RESOURCE 9

How to Coach Better Speaking Delivery

Coaching speaking delivery should focus on helping students be the most intentional and purposeful version of themselves. Getting them to this place means starting with establishing a strong foundation and eliminating habits that distract from their style and message. Over time, refining speaking delivery means helping students explore different delivery techniques, so that they are aware of available options and can ultimately make informed decisions about how they want to present. See the Oral Delivery Cheat Sheet for a supplementary resource to provide students.

Overall Coaching Approach:

Practice on small chunks of content to practice. Too much advice and feedback at once, even if it is all potentially useful.
Balance directives (i.e. telling students what feedback they must implement) with experimentation (i.e. giving students a few options to play with). Too much feedback without taking the time to practice implementing it.
Talk through reasoning behind your feedback and how it will help with the message and audience connection. Even if you are less experienced, there is always subjectivity behind public speaking. Your reactions are valuable and the key is to be able to describe your personal reaction and where it comes from and then pinpoint one or two concrete ways to address it. Too much feedback that doesn’t connect to the specific content or isn’t important to the context.
Encourage intentional decision-making, by having students talk through why they want to deliver content in certain ways or why they plan to take certain pieces of advice. Too much feedback that goes beyond students’ reasonable capabilities and cannot be implemented in the short-term.

What To Refine Over Time:

Delivery Area Focus On... Watch Out For...
Stance Grounding feet underneath shoulders and polishing overall posture. Distracting foot movements, hands in pockets, shoulders up or hunched, tense body.
Diction Putting energy into consonants and practicing “plosive” sounds (like p, t, or d) and “fricative” sounds (like s or f). Blurry words, dropping or over connecting small words like “and”, dropping the ending consonants.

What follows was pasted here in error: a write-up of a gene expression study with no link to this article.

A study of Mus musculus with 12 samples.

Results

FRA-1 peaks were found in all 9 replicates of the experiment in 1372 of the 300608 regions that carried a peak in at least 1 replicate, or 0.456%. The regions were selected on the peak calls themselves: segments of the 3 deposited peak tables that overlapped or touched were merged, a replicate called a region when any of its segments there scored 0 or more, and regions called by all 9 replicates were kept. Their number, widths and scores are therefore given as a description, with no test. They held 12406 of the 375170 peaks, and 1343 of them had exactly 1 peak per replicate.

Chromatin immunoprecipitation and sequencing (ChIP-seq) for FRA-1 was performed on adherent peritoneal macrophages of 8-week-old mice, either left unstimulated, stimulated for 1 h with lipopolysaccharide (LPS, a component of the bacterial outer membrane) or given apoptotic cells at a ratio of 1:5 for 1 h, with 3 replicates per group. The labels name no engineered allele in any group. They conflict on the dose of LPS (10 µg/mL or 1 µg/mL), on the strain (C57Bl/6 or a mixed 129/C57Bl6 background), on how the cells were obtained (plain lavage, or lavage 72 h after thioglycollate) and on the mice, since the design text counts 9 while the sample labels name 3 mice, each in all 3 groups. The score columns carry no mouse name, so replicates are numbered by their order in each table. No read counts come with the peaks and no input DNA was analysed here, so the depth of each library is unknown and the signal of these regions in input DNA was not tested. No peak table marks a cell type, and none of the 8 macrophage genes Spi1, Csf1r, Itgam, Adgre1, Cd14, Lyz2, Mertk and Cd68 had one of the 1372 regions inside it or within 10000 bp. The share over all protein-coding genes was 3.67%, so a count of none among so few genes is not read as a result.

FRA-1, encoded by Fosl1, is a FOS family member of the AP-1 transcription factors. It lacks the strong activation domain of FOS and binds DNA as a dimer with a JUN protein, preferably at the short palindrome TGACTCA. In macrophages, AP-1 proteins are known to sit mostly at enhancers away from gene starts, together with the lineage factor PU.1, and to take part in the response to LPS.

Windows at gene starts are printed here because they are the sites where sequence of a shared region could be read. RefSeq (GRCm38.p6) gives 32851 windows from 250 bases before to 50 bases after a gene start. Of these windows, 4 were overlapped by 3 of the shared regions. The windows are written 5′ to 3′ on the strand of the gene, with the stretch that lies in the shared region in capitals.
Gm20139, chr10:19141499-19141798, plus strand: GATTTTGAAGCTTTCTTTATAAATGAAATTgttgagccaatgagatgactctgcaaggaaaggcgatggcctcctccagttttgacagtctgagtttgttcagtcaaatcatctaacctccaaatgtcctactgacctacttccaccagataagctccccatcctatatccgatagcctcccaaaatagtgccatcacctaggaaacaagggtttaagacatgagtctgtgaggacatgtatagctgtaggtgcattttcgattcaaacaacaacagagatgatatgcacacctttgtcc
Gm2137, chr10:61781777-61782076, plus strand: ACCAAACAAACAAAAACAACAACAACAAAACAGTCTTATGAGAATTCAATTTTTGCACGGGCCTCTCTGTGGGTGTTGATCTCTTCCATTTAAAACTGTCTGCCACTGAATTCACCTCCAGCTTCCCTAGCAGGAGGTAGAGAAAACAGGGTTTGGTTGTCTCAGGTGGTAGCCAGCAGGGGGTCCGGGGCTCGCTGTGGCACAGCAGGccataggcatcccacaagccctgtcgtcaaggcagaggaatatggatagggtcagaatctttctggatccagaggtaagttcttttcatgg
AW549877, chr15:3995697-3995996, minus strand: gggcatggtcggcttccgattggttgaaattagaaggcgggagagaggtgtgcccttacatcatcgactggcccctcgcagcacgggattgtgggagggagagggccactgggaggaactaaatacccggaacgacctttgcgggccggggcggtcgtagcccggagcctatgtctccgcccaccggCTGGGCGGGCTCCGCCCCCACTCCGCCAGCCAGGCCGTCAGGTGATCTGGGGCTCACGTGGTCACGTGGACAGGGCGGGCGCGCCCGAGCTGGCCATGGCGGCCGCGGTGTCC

Volume Assisting the voice with good breath support and using energy, breath, and diction to drive volume. Speaking too low or going into the “vocal fry” (“uhhhh” sound at the bottom of the range or speaking in a tone that doesn’t fit the content.
Vocal Tone Establishing a rounded tone by practicing yawning and raising the “soft palate”; going over different vocal colors and reflecting on what best fits the content. Speaking too low or going into the “vocal fry” (“uhhhh” sound at the bottom of the range or speaking in a tone that doesn’t fit the content.
Energy Practicing the “on” switch and going into speaker mode (more enhanced version of self); engaging the face, eyebrows, and bringing a light to the eyes. Dead eyes, stiff facial expressions, tired energy, loose, sloppy movements, looking distracted or not in the moment.
Speed/Cadence Slowing down and taking the time for silences, pauses, and letting the content settle; deciding between a more clipped, sharp cadence or a relaxed, conversational one. Rushing through ideas, not pausing in between thoughts, not separating ideas, sentences that are too long or run-on, or a cadence that doesn’t match the style of the content.
Eye Contact Getting comfortable looking at people and switching eye contact in between ideas, making everyone feel they are in a 1:1 conversation with the speaker. Overall focal point is too high, eyes moving too much, eyes look in a different direction from the body or hands, scanning the room too much.
Hands Using hands to highlight and illustrate content so that they are a part of communicating the ideas (as opposed to being a distraction). Hands in pockets, distracting fiddling habits, gestures are too high or low, elbows are glued to the body, gestures originate from the wrist instead of the full arm.
Movement Moving around the space to emphasize transitions or distinctions between ideas, including walking to the sides, front, or diagonals to get closer to different parts of the audience. Pacing aimlessly without purposeful movement, shifty movement that doesn’t quite commit to moving one way or another, kicking feet.
Connection Letting go of internal worries and directing energy and attention forward, towards the audience (as opposed to being too self-conscious). Blank facial expressions, holding back, giving away concentration or internal dialogue, recitation or memorized feel.